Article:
Yobongo was preparing for its big launch at South by Southwest. Today, Yobongo has been acquired by Mixbook. The whole six-person team will head down to Mixbook's Palo Alto office and help expand its photo book printing software to mobile devices. It's pretty good timing. I heard a new touchscreen device with a really pretty screen and new photo editing software is coming out soon.A year ago,
As for Yobongo, the serendipitous mobile chat service will be shut down at the end of March. But Yobongo co-founder and CEO Caleb Elston says that Mixbook admires what he, co-founder David Kasper and the team accomplished. Yobongo took chat, an application defined and institutionalized on the desktop, and reinvented it for the mobile touchscreen. That's exactly what Mixbook wants them to do for its software for making custom photo albums.
You need some numbers to see where Mixbook is going and why they need Yobongo's help. Mixbook was founded in 2006. Its users have started 5 million projects and shipped 10 million products, including cards, calendars and whole books. 250 million photos have been uploaded. "They're on a rocket ship," Elston says.
Mixbook "wants to stay ahead of the curve on mobile devices," says Elston, and the company is "just fighting fires trying to keep up with all the growth." So the company is bringing Yobongo in for the team, its mobile design sensibilities and its problem-solving skills. They'll work on iPhone, iPad and Android software alike.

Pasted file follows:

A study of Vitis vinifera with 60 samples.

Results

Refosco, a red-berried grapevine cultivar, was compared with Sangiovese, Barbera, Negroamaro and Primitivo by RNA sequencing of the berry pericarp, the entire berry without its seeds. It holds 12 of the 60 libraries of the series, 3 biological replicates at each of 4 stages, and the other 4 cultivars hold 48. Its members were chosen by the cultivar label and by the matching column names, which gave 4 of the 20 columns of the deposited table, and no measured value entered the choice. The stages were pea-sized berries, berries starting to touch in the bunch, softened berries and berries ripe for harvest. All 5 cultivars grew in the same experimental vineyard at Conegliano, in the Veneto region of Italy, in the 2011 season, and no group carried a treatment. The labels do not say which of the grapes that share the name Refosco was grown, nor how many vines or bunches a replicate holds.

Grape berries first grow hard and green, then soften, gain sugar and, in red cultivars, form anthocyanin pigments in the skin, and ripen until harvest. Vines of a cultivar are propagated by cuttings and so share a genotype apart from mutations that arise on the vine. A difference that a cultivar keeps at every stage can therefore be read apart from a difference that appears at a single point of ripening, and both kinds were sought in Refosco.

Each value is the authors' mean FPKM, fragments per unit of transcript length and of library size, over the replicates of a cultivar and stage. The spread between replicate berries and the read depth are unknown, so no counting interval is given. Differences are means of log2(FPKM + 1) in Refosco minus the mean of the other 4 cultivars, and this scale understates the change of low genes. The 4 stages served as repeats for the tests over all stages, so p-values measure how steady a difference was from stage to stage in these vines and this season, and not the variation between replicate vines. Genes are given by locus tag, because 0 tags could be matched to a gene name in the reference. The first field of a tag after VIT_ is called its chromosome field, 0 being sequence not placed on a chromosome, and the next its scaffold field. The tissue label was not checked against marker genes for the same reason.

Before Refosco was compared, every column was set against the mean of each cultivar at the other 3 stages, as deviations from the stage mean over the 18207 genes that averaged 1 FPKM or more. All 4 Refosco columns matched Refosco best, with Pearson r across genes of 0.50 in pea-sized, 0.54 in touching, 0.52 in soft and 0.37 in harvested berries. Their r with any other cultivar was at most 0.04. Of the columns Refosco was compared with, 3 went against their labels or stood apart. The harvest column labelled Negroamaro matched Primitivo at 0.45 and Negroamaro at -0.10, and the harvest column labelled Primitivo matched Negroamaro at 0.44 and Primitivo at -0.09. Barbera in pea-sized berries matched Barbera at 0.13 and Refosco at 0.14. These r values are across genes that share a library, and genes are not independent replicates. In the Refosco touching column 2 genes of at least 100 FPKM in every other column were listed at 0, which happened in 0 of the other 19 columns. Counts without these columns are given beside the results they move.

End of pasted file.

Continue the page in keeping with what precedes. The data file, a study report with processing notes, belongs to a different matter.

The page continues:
Scrapblog prior to Yobongo. It was the same idea, an online tool for making printed photo books, cards, stickers and so forth. In 2011, after the Yobongans had left, Mixbook acquired Scrapblog. So now the Yobongo fellows can bring a wealth of mobile experience back to this kind of product.For half the team - Elston, product designer Mike Gowen and engineer Alex Hofsteede - this move brings them full-circle. They all worked on
Unfortunately, as is the way of things, Yobongo users will be left in the lurch. After launching at South By Southwest, the app remained restricted to Austin, New York and San Francisco for much of its life. It did open global and private chat rooms this year, but the local rooms for cities other than the initial three never opened. Still, Yobongo's feature set was complete and compelling, especially after adding in-line photos last summer. As a proof of the team's talents, Yobongo was a great app.
Yobongo was a product that felt excited by the new life mobile devices could bring to an old problem. Elston still doesn't think the nut of social introductions via smartphone has been cracked (and neither do we), but he sounds equally excited to work on printed photo memories again. "These are not sales guys," Elston says of Mixbook. "These are tech guys running a printing company, and it shows. They're incredibly efficient for how big they are."
Elston says he's looking forward to relief from the questions of running a business. In addition to letting him focus completely on a product again, it will free him up to advise other companies and participate more broadly in the industry.
Yobongo's investors will become Mixbook investors, and Elston says they're excited, too.